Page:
NEW YORK — Time Warner’s profit soared in the first quarter as revenue jumped 9% on star turns by filmed entertainment and TV networks.
Net income more than doubled to$961 million from $396 million. Revenue stood at $10.1 billion. Debt fell to $18.8 billion from $22.7 billion. Conglom has deleveraged by unloading assets, as in its $2.7 billion sale of Warner Music last month.
The stock, which closed Wednesday at $16.51, rose 3.2% to $17.04 in after-hours trading on the upbeat stats and full-year outlook.
During a conference call, chairman-CEO Richard Parsons was cagey on potential acquisitions amid reports the conglom is eyeing both Adelphia Communications and MGM.
“We’ve said that we like the businesses we’re in. We would like to grow our cable footprint and other businesses. But we don’t have anything we can talk about,” he said. “We’ve gotten ourselves into shape now. We can open our eyes a little wider.”
In its earnings report, Time Warner noted the Securities & Exchange Commission likely would refuse to “declare effective” any registration statement from the conglom or its subsids until the commission concludes an ongoing investigation into the company’s accounting. That means for now Time Warner may be able to consider only all-cash deals.
Wall Street is also antsy about the future of unit America Online, which Parsons and Don Logan, head of TW’s media and communications group, defended.
“All of us on the board were impressed by AOL’s momentum” at a recent presentation by AOL chief Jon Miller, Parsons said. “I’m not going to lay out for you where and how it fits in. What I will say is what I’ve said before — that we have a lot of confidence that this is a business that is regaining its stride, that we believe it is undervalued and that reflects itself in our stock.”
Execs had only praise for filmed entertainment, where revs rose 25% to $2.9 billion. Numbers were buoyed by higher license fees from third-cycle syndication sales of “Seinfeld” and higher homevideo revenue from titles including New Line’s “The Texas Chainsaw Massacre” and “Friends: The Complete Sixth Season” from Warner Bros.
Shadow of ‘King’
New Line had a record quarter. “The Lord of the Rings: The Return of the King” is now the second-highest-grossing pic ever. After a heady 2003, cautioned Jeff Bewkes, head of entertainment and networks, New Line’s numbers will trend lower.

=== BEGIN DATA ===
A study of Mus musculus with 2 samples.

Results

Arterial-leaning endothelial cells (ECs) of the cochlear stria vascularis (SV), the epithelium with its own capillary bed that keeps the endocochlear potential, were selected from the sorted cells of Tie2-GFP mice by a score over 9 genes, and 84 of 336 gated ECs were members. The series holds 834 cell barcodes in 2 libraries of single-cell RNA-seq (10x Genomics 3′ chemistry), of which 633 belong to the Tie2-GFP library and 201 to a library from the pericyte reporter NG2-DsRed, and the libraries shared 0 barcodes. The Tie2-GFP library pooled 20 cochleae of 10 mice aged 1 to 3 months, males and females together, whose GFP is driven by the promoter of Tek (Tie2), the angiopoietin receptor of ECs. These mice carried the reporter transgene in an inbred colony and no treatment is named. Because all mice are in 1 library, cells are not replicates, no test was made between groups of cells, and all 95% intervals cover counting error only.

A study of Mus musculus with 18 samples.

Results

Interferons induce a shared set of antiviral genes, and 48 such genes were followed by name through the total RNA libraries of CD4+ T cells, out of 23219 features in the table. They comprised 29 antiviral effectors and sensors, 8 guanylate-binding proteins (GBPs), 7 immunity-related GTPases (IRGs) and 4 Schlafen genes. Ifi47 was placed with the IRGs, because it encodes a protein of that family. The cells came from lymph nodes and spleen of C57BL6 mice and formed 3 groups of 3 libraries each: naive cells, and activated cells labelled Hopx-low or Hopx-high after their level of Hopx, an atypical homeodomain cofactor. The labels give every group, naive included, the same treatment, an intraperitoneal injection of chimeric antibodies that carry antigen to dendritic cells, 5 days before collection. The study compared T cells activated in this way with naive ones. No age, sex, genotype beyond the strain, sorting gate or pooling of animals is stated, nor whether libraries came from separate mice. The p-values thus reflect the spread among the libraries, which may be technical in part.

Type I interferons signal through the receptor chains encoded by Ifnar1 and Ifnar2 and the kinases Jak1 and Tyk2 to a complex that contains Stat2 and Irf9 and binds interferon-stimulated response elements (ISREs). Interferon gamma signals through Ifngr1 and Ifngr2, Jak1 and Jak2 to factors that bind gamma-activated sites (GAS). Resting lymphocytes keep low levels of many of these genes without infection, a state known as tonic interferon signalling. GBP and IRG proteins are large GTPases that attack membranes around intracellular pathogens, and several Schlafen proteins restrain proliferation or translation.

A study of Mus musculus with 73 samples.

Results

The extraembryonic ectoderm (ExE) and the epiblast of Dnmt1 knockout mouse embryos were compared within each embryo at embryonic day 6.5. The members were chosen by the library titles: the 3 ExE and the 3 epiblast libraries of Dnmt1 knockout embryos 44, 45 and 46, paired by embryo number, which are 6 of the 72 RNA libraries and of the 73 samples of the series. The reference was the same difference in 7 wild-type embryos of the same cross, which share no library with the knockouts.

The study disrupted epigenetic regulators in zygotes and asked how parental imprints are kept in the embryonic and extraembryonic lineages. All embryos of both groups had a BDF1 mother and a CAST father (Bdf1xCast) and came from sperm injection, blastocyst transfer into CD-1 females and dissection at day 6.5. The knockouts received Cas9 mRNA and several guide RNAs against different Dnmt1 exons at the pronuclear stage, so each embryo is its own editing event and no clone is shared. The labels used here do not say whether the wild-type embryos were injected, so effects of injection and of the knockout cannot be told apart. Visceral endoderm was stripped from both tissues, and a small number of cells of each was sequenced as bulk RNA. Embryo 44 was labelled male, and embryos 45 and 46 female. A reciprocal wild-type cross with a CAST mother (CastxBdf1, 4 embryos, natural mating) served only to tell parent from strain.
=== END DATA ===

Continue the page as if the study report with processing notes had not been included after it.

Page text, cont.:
Warner Bros. theatrical revenue dipped on tough comparisons with “Harry Potter and the Chamber of Secrets” a year ago. But Bewkes sees an uptick with pics like the upcoming Brad Pitt starrer “Troy” and “Harry Potter and the Prisoner of Azkaban.”
Networks, which include the Turner nets and the WB, saw operating income rise 51% to $683 million on a 5% increase in revenue to $2.2 billion.
“Networks and studio results were nothing short of spectacular,” said Bewkes, who oversees both divisions. He cited double-digit increases in subscription and advertising at Turner and lower programming costs — that will rise as the year progresses.
Bewkes said costs at CNN will be backended this year as coverage of the presidential race heats up.
Channeling ads, subs
TNT and TBS — latter to be rebranded as a comedy net in June to appeal to younger auds — are the top-rated ad-supported cable nets and HBO the top pay net.
Total ad revenue rose 12%, with 14% growth at the Turner nets and a 6% increase at the WB. Content revenue fell 20% on tough comparisons at HBO vs. last year’s video release of “My Big Fat Greek Wedding.”
Turner took a $7 million loss on the sale of the Atlanta Hawks and Thrashers.
Time Warner Cable saw revenue rise 11% to $2 billion. Operating income grew 8% to $386 million. Ad revenue rose 7%.
A 12% increase in sub revenue was driven by high-speed data (up 32%) and other advanced digital services. Unit is rapidly adding digital video and video-on-demand subs. Basic cable subscriptions were flat. Cable company is on track to deploy its new digital phone service to all of its subs by the year’s end.
At AOL, revenue was about flat at $2.2 billion. Operating income jumped 43% to $277 million. Ad revenue was down 5%. Subscription revenue was up 1% due mostly to favorable foreign currency exchange rates at AOL Europe.
New takers for AOL Broadband were offset by declines in U.S. narrow-band subs. Overall, AOL lost 237,000 subs from the year-earlier quarter for a total of 24 million in the U.S. AOL Europe added 38,000 for 6.4 million.
Publishing revs fell 5% to $1.08 billion due to the sale of the Time Life direct marketing operation and continued softness in print advertising. Operating income rose 26% to $102 million.